The Thirteenth Year: A Letter to my Sister

You knew this was coming, so there’s no need for a salutation to begin. The past week I’ve watched you flit around the house, your lanky arms swinging, ponytail pulling hair tight to your forehead, and laugh peeling through the air when your corgi nips at you on the floor. Your laugh makes me smile. I remember the very first day I saw you, filled with nervous excitement and my bare feet hot on the wood of the front porch in June. A baby’s scream filled the air as they took you from the car because you hated the road. Even then, being cooped up inside tormented you. We celebrated your first year of life that day, nearly a week late. Chocolate cake stained your face, and you crawled so quickly away from the girls and me. But you weren’t shy. You belonged to us.

We used to call you Scout, from Harper Lee’s To Kill a Mockingbird. I wish it would have caught on. Maybe it was your freckles, love for the outdoors, and insatiable curiosity. But I think it was your fearlessness, the way you approached anything without hesitation. You would pry living animals, mice or baby bunnies, from the jaws of our dogs and cats, like a young heroine, to rescue them. You ran faster than most boys, and would be so angry when they beat you in races. You, in the summer, set your young eyes on the diving board and went to it like it was calling your name. Confidence still radiates from you, and for that, I am thankful.

If there is one thing that Scout can leave in your soul, I hope it is compassion. Atticus once told the young girl, “You never really understand a person until you consider things from his point of view… Until you climb into his skin and walk around in it.” In the years to come, I hope you develop a love for all living things and I hope you have the fearlessness to save those who need it the most. At this point in your life, it is so easy to want to be with those who make you look good and fit into the crowd. But I have been that girl on the edge of the room and I’ve seen plenty of friends suffer after not being included. I know it’s hard, but I hope that you can see through their eyes and extend friendship during these years.

There are those who say the number thirteen is lucky. Thirteen, in my opinion, is one of the toughest years. It builds you up in a wave only to throw you back under the water. Sometimes you feel like you’re isolated, alone and drowning, nothing is clear. Yet, always you will float to the top to see peaceful, calm waters before you. I’ve watched you grow, and all the while I experienced some things in my life that I hope you will not have to. And maybe that’s why I’m worried about you, nervous for what lies ahead.  In the thirteenth year, your emotions provide the violent storms. But boys, they provide the hurricanes. A heat and energy can overwhelm you, causing infinite chaos. Yet you do it all for the short-lived eye of the storm, the calm and serenity of a short burst of happiness.  And then it’s over, and a back wall hits, disaster lasting for weeks, months, even years.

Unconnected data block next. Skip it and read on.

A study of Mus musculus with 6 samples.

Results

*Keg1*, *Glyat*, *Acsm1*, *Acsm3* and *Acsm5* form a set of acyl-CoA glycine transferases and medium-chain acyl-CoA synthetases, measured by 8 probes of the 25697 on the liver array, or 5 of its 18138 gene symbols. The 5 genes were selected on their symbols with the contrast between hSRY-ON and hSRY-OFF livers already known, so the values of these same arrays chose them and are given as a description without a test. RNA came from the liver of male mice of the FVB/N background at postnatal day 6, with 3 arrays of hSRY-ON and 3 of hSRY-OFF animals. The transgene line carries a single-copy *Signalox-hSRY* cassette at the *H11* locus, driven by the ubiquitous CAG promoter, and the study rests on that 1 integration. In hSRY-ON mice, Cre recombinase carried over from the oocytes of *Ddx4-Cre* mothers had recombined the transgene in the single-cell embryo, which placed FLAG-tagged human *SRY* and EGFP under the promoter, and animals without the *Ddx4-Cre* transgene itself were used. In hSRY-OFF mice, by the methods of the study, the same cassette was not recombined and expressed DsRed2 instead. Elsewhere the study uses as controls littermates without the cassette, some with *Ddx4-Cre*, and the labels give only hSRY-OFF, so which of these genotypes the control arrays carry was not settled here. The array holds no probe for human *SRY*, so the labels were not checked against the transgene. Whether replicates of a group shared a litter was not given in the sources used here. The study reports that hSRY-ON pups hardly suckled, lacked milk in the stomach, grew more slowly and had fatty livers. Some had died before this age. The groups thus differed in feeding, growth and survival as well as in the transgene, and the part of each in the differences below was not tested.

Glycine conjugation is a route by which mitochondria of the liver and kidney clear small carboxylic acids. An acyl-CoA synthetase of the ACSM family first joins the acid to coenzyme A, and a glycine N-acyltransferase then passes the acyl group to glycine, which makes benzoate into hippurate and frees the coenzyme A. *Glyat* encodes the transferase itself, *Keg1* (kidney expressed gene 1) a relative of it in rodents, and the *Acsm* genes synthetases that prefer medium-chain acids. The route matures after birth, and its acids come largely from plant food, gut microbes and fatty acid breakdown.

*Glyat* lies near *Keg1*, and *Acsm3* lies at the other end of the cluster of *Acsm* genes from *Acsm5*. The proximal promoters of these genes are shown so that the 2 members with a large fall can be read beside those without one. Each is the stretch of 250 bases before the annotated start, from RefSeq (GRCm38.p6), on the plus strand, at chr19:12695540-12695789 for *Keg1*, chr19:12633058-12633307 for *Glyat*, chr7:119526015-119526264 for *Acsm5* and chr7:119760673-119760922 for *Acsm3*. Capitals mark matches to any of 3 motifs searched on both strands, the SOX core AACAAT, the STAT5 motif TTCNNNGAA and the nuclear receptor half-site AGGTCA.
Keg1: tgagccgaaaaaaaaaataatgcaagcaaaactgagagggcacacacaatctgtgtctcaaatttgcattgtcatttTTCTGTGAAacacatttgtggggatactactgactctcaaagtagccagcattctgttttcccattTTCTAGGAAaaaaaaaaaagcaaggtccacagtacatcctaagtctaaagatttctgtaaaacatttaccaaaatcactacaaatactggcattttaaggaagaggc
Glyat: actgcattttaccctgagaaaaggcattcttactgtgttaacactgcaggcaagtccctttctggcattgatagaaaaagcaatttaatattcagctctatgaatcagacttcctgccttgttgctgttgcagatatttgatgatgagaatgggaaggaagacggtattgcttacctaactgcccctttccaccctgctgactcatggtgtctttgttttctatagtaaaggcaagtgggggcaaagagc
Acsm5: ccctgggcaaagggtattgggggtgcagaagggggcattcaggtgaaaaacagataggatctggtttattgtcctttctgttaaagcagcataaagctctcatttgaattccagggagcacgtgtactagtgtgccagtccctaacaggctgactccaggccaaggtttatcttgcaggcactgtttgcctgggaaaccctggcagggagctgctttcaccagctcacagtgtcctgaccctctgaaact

It’s unavoidable. And I will honestly tell you that I don’t regret moments in my life. Even in the wake of destruction, every single hurricane has taught me a lesson. For that, I am immensely grateful to take the things I have learned and create a life-vest to use in the future. These are the things that help you survive. My hope is that when you are hurt, you will take those moments and use them yourself. I hope if you do chose to surrender to a storm, that you pick a boy who respects you. I chose the ones who made me laugh, the ones who were mysterious, or the ones who I thought I could change and understand better than anyone else. And they were wonderful when it was good. But the eye of a storm never lasts—people change, you grow apart, and you want a new direction. I might have suffered in those hurricanes, but they all taught me something for the future. Happiness doesn’t just come from others. The most euphoric moments of my life have been alone. I have felt personal success. I have laughed until I cried. I have traveled the world. Life is sometimes easier without the hurricanes, yes. But I couldn’t survive without them, and I hope you will learn from them, too.

You are stubborn, and it’s a natural trait that is contagious in our family. Willfulness is a blessing and a curse, at times. I hope you will learn soon that our family is so special and unique in the way that we care for each other. Mom and Dad know more than you think they do, and I hope it doesn’t take twenty years of your life to realize this, like it took me. The best lesson I ever learned from them was to never quit something you start. The follow-through has always been something hard for me, but that lesson pushed me to think critically about the work I produced inside and outside the classroom. Go to them when you have questions or need advice. Nobody knows you better than our parents, and nobody finds things out like our parents.


People have asked me before if I consider you to be a sister, and I immediately ask, “Compared to what?” You belong to us the way we belong to you. We are tied together. For that reason, I hope you take these words to heart. I hope you find compassion for others during these years, learn to stand on your own, and have the courage to listen. I’m so excited to see where the journey of life takes you, Katie Cat, and I wish you all of the best.

Love,

Tay/Tator Tot


  1. Taylor, this piece is amazing! I wish I had been fortunate to have an older sister like you! Keep writing and learning from the hurricanes…. And sharing your beautiful soul! Blessings!